We all occasionally misplace our keys or struggle to remember the name of an acquaintance. But when these and other difficulties with memory start to happen more frequently and begin to impact day-to-day life, dementia becomes a concern. Many factors can put people at higher risk for developing dementia, and while things like age, genetics, and gender cannot be changed, others are within our control. Research has shown that avoiding certain habits can help reduce your risk of developing diseases such as Alzheimer’s—the most common type of dementia—by up to 60 percent. Read on to find out whether your daily habits are putting you at an increased risk of cognitive decline.
“Use it or lose it” is an important piece of advice when it comes to brain health. Keeping your mind active through activities such as reading, learning new skills, playing games, or even just engaging in regular social interaction can all help to keep you sharp and reduce the risk of cognitive problems as you get older. Studies have also found a correlation between higher education levels and a lower likelihood of developing dementia, further emphasizing the importance of using and challenging your brain.
Numerous studies have uncovered a relationship between excess weight or obesity and the onset of dementia later in life. One particular study, published in the International Journal of Epidemiologyfound that “overweight people with a BMI of 25 to 29.9 were 27 percent more likely to develop dementia, and the obese, with a BMI of 30 or higher, were 31 percent more likely to become demented” compared to people who were a healthy weight.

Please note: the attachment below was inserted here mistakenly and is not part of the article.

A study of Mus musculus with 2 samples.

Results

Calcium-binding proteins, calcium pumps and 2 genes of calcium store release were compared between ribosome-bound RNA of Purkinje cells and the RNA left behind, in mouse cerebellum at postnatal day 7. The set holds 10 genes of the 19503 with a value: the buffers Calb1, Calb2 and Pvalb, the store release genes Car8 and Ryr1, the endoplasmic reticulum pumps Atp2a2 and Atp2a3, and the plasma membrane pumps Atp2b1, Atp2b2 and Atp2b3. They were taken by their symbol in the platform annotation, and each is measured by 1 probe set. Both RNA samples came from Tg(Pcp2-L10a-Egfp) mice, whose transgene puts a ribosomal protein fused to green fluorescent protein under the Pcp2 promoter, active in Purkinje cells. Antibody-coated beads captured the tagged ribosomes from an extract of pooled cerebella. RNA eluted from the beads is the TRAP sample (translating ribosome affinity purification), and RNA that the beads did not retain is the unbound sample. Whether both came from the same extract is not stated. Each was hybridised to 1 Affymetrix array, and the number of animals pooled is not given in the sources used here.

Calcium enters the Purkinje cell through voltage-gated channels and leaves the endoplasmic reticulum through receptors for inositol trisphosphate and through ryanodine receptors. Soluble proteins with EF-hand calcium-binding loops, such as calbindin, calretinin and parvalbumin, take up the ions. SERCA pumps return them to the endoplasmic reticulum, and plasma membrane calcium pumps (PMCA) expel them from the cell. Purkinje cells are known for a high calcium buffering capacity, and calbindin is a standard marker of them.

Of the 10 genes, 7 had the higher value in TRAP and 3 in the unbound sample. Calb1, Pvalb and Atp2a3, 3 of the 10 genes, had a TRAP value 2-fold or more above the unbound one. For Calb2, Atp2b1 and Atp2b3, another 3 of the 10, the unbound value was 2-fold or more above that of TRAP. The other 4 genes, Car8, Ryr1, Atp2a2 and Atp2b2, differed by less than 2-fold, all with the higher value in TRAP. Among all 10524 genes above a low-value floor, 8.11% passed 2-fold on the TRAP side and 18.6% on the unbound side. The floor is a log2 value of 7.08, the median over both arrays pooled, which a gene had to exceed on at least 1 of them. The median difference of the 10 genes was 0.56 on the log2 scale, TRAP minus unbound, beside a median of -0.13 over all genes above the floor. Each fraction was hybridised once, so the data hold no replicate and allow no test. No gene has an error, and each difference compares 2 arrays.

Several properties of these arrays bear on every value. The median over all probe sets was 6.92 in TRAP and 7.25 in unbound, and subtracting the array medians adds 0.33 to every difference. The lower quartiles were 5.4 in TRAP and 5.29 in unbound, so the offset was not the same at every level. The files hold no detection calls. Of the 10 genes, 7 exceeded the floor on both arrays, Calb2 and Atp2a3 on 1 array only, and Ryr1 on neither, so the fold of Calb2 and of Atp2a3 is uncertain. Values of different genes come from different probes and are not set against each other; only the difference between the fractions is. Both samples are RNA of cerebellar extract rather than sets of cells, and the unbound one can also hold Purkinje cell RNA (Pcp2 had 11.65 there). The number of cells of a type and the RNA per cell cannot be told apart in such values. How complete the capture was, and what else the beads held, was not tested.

Being mindful of your diet and nutrition is key to keeping your mind sharp—and adding foods such as leafy greens, nuts, fish, and berries to your meals can help boost brain performance, according to Harvard Health.
It’s no secret that alcohol has a direct effect on your brain. And according to the American Addiction Centers, heavy and long-term drinking can have severe, damaging effects on cognitive function, even leading to dementia. A study published by The Lancet Public Health found that “alcohol use disorders should be recognized as a major risk factor for all types of dementia,” and that “alcohol-related dementia should be recognized as one of the main causes of early-onset dementia.”
The lack of coordination that can result from overindulging also increases your likelihood of accidents involving head injuries—which have been linked to increased dementia risk.
In addition to damaging your lungs, extended exposure to pollutants like traffic exhaust or burning materials may also put your cognitive function in danger, and your surrounding environment could be to blame. “Previous research suggests living in locations with high levels of outdoor air pollution—especially tiny particles or droplets in the air known as fine particulate matter—is associated with higher likelihood of Alzheimer’s or other dementias, and can cause brain damage and brain shrinkage,” a press release covering the 2019 Alzheimer’s Association International Conference states.
Getting an insufficient amount of sleep for any reason can lead to many serious health problems, from heart failure to stroke—and yes, even dementia. “Research is ongoing, but so far, a history of sleep disorder does seem to increase the risk of dementia for some people,” Meg Burke, MD, told GoodRx Health. “One study suggests sleep deprivation could increase your dementia risk by 20 percent,” she said. “In middle age, even getting less than six hours of sleep per night may increase your dementia risk in the future.”